Load balanced highly available Cloudflare tunnels with Docker Swarm
It's to set up your secure tunnels directly to Cloudflare on bare metal or within virtual machines. Why stop there? Let’s make them easier to manage and highly available by containerizing multiple tunnels across several physical devices
In previous posts, I've shown how easy it is to set up your own secure tunnels directly to Cloudflare on bare metal or within virtual machines. Why stop there? Let’s make them easier to manage and highly available by containerizing multiple tunnels across several physical devices while leveraging Cloudflare to load balance your ingress traffic. For those with an existing Kubernetes or Docker Swarm cluster, which I recommend you do, this should help you get started in that direction. There are many reasons to go this route, mainly more portability and flexibility as your homelab evolves over time. I'm keeping things simple and using Docker Swarm for my home setup. Why not Kubernetes? Well, it's more complex to get up and running for starters, and for my homelab, the flexibility of using compose files suits me. I have a Rancher cluster I've set up to play around with Kubernetes, but that is for another post. With that said, I introduced some complexity by setting up two tunnels in a load-balanced configuration, complete with a health check...because what's better than one tunnel?
Before spinning up the compose file, you'll need to authenticate, create, and register each tunnel with Cloudflare via the CLI and build your config file, which contains your ingress rules. See my cloudflared tunnel post for how to set that up. Once done, copy the necessary files needed by the docker-compose file to be locally accessible when deployed. Given these are one-time steps, I decided not to automate them or bake them into a custom container build, though you could absolutely do that. Perhaps I'll set that up at some point to demonstrate.
The following docker-compose should work in Docker desktop and be deployed as a
stack in Docker Swarm. You'll see that it's using Docker Swarm's shared
config to store my ingress rules and shared
secrets to keep my credentials and certificates. I deploy all of this using Github actions to my Portainer orchestrator on a PR merge to my
main branch. Yes, I'm keeping secrets in Github, which I plan to remedy down the road with something like Hashicorp Vault. To keep things simple, first, test this with a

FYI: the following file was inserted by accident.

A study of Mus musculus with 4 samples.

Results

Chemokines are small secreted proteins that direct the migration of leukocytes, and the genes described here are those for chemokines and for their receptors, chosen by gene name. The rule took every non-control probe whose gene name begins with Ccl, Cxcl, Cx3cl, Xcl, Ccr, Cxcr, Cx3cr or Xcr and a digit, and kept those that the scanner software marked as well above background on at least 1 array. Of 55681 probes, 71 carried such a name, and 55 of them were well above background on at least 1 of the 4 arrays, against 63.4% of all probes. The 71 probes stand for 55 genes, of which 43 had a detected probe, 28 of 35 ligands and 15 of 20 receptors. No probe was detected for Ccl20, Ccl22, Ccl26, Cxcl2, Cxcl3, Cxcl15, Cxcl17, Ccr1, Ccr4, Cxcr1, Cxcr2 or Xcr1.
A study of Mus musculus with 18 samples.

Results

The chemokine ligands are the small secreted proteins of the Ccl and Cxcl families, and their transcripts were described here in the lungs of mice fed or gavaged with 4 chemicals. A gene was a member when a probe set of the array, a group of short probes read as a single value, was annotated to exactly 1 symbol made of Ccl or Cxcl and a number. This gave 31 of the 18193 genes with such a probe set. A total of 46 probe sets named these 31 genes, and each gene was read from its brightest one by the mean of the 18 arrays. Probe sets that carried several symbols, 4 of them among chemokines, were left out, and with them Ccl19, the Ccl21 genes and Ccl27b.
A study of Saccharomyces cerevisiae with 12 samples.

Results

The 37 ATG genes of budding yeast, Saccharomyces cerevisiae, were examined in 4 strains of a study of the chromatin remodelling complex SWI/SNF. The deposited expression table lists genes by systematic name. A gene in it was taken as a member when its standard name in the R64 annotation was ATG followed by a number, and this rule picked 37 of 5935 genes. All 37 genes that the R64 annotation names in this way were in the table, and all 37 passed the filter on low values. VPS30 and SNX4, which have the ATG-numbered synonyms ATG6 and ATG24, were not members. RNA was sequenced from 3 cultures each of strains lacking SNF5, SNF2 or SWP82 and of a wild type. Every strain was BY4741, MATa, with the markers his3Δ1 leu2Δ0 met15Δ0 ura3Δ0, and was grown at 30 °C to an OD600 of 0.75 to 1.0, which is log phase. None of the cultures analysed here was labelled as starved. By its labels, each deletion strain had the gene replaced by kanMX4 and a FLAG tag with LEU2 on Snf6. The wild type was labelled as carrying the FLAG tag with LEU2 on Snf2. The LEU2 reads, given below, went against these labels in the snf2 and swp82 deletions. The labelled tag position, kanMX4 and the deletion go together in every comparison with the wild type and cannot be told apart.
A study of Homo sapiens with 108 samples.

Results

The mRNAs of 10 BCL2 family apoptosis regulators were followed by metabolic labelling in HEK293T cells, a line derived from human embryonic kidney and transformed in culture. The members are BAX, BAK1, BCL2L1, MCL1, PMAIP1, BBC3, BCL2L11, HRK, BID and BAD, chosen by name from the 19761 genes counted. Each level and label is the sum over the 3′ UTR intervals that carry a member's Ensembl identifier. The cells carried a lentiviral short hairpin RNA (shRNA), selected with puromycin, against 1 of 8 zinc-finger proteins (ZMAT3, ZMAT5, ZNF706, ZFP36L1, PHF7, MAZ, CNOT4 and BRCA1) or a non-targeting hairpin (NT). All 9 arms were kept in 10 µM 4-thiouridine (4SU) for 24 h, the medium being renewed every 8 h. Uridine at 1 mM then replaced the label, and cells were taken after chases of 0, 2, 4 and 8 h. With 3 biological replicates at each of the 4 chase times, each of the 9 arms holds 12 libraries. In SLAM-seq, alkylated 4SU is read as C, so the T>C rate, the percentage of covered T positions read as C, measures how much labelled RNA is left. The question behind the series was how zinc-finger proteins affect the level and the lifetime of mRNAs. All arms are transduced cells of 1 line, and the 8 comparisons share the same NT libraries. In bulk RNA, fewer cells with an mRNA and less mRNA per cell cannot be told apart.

docker-compose up. Once tested and verified, you can deploy it to your swarm cluster.
Note. swarm-config and swarm2-config should have identical ingress rules. For example:
Deploy your stack
On your Manager node, copy over your compose and all referenced configs/secrets, and run
docker stack deploy --compose-file docker-compose.yml cloudflared. To verify that your two services are running,
docker stack services cloudflared. If everything is working at this point, I highly recommend removing those local files and setting up an automated deployment or using something like Portainer, that can pull and deploy your stack directly from Github.
Cloudflare LB Setup
Traffic -> Load Balancing -> Create Load Balancer (paid feature)
Each tunnel you created in the first step was assigned an origin address, which you'll use here for the two orgins in your load balancer. I've set each to 50%, alternating each request evenly between the two tunnels. The hostname of your load balancer will be the endpoint that you can use for other CNAMEs as you add ingress rules for local services you want to host or expose. To ensure your LB groups show as healthy, add in the healthcheck endpoint defined in your ingress rules, which should look like this
https://lb-hostname.domain.net/check I find this setup to be my preference vs hosting my own Traefik proxy (or similar) since I do not need to open up any ports on my firewall.
That's it; you are load balanced! For high availability, you'll need at least two devices running 24/7. For example, two Raspberry Pi's running Docker engine with swarm enabled.